After having unified Italy in the nineteenth century, invented the automobile industry and offered years of economic development, thanks to industrial names such as Fiat, Lancia, Olivetti and Pininfarina … the Piedmont Region is also known today for the beauty of its natural and historical sights. The region offers snow-capped mountains, parks and protected areas, plus nature trails, spa facilities (Acqui Terme was already famous 2000 years ago!) and cities of art, led by Turin.
The face of this city reflects the intensive urban development activities of the seventeenth and eighteenth centuries, carried out according to exuberant baroque motifs. The Piazza Castello contains a number of splendid works: the harmoniously designed Palazzo Reale, whose Armoury and Grounds were conceived of by the same hand that created the grounds of Versailles, the dynamic cupolas of the Chapel of San Lorenzo and the Chapel of the Holy Shroud by Guarini. Near the porticos is the Royal Theatre, with its eighteenth-century façade, inside of which the great Wolfgang Amadeus Mozart, when still a boy, dreamed that his works would one day be played. But the dominant element, found in the centre of the Piazza, is the theatrically dramatic Palazzo Madama, site of the Museum of Ancient Art: the façade, the atrium and the grand stairway constitute a baroque masterpiece wrought by the hands of the great Filippo Juvarra. Inside, with its dazzling array of stuccos, gildings, cornices and frescoes, the Baroque reigns triumphant even amidst the works of the modern painting gallery and the collection of decorative art. There are also priceless medieval collections and paintings of the fifteenth century, including the enigmatic Portrait of Man by Antonello da Messina, a work that appears to observe visitors with an air of superiority. From the Piazza Castello, the streets and neighbourhoods extend like the spokes of a wheel, creating interesting atmospheres of art and culture.
New cultural trends are followed with particular attention from the city, first and foremost at the Lingotto, a former Fiat factory now used as an exposition centre for major cultural events. Turin is a gathering point for culinary traditions and classic dishes from all over Piedmont: agnolotti, the finanziera, the bagna caôda, brasati, capunèt, and the sumptuous mixed stews. Even the rite of the aperitif has been brought back to life, with the irreplaceable vermouth or the customary Krumiri cookies.
Located near Turin, the Rivoli Castle is one of Piedmont’s most noteworthy historic buildings, housing the internationally known Museum of Contemporary Art.
Cuneo is a city that should be explored by strolling along its streets, lined with porticos, or beneath the trees that shade its boulevards, up to the picturesque Mondovì Quarter, where the antiques shops are found. Then the visitor must enter a pastry shop to taste the treat that symbolises the city: the cuneesi with rum, whose drop of delicious liqueur is sealed inside a heart of cream and chocolate, itself wrapped in a meringue dough, with the entire delight being covered over by more chocolate.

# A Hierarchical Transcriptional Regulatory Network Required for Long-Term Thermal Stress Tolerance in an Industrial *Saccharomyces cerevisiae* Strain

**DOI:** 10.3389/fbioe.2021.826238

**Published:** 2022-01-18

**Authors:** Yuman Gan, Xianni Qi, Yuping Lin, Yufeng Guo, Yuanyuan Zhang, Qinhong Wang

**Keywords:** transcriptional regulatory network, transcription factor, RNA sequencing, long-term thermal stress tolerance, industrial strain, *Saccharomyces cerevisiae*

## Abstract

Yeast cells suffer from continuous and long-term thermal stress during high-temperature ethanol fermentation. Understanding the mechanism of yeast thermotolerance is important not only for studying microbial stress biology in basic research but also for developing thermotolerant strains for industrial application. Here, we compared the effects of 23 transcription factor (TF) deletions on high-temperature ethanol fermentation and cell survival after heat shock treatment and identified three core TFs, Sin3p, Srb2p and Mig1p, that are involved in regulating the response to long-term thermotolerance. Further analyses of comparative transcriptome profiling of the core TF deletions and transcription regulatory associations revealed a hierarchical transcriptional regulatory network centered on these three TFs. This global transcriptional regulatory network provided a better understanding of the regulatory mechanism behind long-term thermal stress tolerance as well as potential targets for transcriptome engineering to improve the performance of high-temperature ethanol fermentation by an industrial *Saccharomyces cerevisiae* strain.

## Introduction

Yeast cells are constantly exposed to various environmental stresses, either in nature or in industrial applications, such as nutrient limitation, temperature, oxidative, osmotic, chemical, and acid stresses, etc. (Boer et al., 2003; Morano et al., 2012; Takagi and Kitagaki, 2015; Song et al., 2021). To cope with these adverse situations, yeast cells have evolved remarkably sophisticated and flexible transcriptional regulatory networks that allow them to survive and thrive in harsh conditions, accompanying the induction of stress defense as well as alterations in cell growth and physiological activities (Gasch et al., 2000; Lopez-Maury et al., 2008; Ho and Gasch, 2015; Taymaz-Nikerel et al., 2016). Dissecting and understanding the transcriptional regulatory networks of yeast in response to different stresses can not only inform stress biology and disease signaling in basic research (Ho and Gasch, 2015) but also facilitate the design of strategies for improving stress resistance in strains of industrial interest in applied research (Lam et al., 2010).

Chocolate also holds an important place in Alba, whose Nutella fudge cream is nationally renowned. The picturesque Piazza Risorgimento is an ideal stopping point, while walks through the town’s historic central portion are enlivened by historic towers. This is the heart of the Langhe district, as well as the birthplace of the famed White Truffle of Alba, not to mention one of the world’s best known wines: the Barolo.
Other wines of note are produced in Monferrato (Barbera, Dolcetto, Grignolino, Freisa, Brachetto, Moscato and Nebbiolo), whose vineyards cover the local hills with their ordered rows, while venerable burghs, feudal castles and churches, both medieval and baroque, look down from above. The chapels, placed in the greenery of the countryside, together with their accompaniment of statues and frescoes, seem to blend in to the surrounding environment, projecting their artistic motifs on Nature.
Asti is another town surrounded by hills offering charming stretches of vineyards. To the north, the rolling hills of Monteferrato disappear as they near the banks of the Po River, giving way to a flat, humid landscape. Here, the waters of the rice fields, flooded from the month of March onwards, take the place of the vineyards, creating equally intriguing landscapes.
Other enchanting views are offered by Lake Maggiore, surrounded by charming little towns, such as Cannobio and the highly elegant Stresa, while the banks of the lake itself feature rows of palm trees, flowery gardens and Liberty-style hotels, plus the nineteenth-century Villa Pallavicino. Rising from the blue waters of the lake, just across from Stresa, is the archipelago of the three Borromeo islands: Isola Bella, with the baroque Palazzo Borromeo and its scenically ordered grounds; the Fishermen’s Island, a venerable village of narrow, picturesque streets and white-washed houses; and the Mother Island, whose gardens of rare plants and exotic flowers, in which peacocks, parrots and pheasants live free, create an enchanting atmosphere.